Amidst the rising tensions between United States of America (USA) and the People's Republic of China (PRC) on the diplomatic front, a Singaporean man has plead guilty to charges of spying for China in the USA.
This man, Yeo Jun Wei, who also goes by the name Dickson Yeo, had operated a political consulting firm in the US as a front for his operations since 2018. It was in November last year that the American government arrested Yeo when he returned to that country to try and get confidential information from an army official working at Pentagon.
Through this consultancy firm, Wei was inviting people who had been involved with the US Government, especially on matters of security, to work for him. He received 400 resumes out of which around 90 percent fit this description. He forwarded them to his handlers.
The goal of his intelligence work was, in his own words, "to spot and assess Americans with access to valuable non-public information, including US military and government employees with high-level security clearances."
By identifying those who were financially vulnerable, he recruited them and asked them to write reports on matters of their expertise. He told these experts that these reports are for his clients in Asia. In reality, they were handed over to the Chinese government to help them extract information of a sensitive nature.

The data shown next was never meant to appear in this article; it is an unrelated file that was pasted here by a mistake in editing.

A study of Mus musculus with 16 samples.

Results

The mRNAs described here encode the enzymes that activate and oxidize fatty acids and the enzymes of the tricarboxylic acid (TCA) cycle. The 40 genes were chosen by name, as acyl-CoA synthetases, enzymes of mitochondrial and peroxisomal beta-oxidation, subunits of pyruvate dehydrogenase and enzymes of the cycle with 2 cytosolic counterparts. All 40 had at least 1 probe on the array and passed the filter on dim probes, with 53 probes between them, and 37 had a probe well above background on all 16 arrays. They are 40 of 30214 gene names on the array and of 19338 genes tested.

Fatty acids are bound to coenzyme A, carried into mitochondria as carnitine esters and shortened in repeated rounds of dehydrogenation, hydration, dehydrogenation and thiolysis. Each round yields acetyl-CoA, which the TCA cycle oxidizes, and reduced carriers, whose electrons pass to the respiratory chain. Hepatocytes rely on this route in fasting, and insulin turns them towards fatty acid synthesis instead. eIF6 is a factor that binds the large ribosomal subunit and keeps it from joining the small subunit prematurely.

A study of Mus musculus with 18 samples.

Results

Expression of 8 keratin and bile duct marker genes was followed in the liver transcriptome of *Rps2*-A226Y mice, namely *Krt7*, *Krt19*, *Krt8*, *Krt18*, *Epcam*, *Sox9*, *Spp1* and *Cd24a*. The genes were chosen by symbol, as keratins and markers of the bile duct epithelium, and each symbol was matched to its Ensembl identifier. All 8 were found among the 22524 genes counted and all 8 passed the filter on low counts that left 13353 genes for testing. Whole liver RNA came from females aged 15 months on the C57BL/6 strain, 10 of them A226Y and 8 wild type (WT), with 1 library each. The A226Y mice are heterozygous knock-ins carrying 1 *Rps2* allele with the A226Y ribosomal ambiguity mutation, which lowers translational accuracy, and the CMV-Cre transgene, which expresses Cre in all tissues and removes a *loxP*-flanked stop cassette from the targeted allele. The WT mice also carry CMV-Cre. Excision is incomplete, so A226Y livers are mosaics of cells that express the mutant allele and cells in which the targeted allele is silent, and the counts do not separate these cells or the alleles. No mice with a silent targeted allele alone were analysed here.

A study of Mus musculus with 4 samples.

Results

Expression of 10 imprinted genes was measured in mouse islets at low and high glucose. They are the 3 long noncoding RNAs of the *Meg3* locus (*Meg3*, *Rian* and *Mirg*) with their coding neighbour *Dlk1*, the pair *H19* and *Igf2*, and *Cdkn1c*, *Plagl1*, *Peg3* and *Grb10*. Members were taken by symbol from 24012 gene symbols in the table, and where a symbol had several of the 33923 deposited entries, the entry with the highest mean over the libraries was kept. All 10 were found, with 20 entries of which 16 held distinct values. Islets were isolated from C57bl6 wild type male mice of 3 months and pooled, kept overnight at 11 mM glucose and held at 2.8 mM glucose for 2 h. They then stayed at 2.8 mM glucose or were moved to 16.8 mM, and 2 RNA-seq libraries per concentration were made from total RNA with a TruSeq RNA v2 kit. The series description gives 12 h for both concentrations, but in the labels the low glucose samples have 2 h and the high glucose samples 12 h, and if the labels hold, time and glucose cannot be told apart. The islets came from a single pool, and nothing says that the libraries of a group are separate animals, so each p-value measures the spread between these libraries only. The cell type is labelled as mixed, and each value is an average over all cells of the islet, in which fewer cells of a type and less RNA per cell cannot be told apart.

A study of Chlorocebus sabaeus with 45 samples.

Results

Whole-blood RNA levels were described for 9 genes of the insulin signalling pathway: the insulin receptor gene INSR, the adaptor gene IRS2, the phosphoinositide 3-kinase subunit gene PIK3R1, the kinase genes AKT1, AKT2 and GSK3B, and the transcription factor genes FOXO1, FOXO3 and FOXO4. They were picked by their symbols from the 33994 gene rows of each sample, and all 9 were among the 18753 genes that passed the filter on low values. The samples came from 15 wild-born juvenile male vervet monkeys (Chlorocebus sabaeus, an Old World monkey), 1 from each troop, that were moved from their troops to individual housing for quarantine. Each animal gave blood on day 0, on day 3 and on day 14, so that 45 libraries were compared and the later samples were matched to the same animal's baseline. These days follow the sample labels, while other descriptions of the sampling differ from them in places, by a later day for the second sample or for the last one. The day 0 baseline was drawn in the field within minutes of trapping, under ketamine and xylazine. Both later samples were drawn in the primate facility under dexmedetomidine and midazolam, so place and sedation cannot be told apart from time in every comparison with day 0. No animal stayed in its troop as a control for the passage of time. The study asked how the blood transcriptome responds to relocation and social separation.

Wei managed to net some very important people into his front organization. These included people working in the US Army, Air Force, and State Department. They were paid a handsome sum ranging from $1000-$2000.
Recruitment of the spy
Wei might have been chosen for the job due to his nationality. A person from Singapore is unlikely to arouse the suspicion of American officials, despite his Chinese heritage. He was a student seeking a PhD from the Lee Kuan Yew University of Singapore and enrolled in that institute in 2015.
It was in the same year that the Chinese intelligence agencies approached and recruited him while he visited Beijing. In 2018, he was directed by his handlers to move to USA and open a consultancy firm for his secret work.
The former academician obliged and even named his firm the same as another famous consulting firm that looks after relations between government and citizens. It was in January 2019 that he moved to the country's capital Washington DC where he stayed till July.
With his arrest, the distrust between the two countries, arising out of the US administration's decision to ask the Chinese government to close their consulate in Houston, is bound to increase.
The Chinese have hit back by asking the American government to shut down one of their consulates in China. At a time when President Trump and his administration are also trying to put China in the dock for their role in letting Coronavirus crisis escalate, this matter will only add fuel to the fire.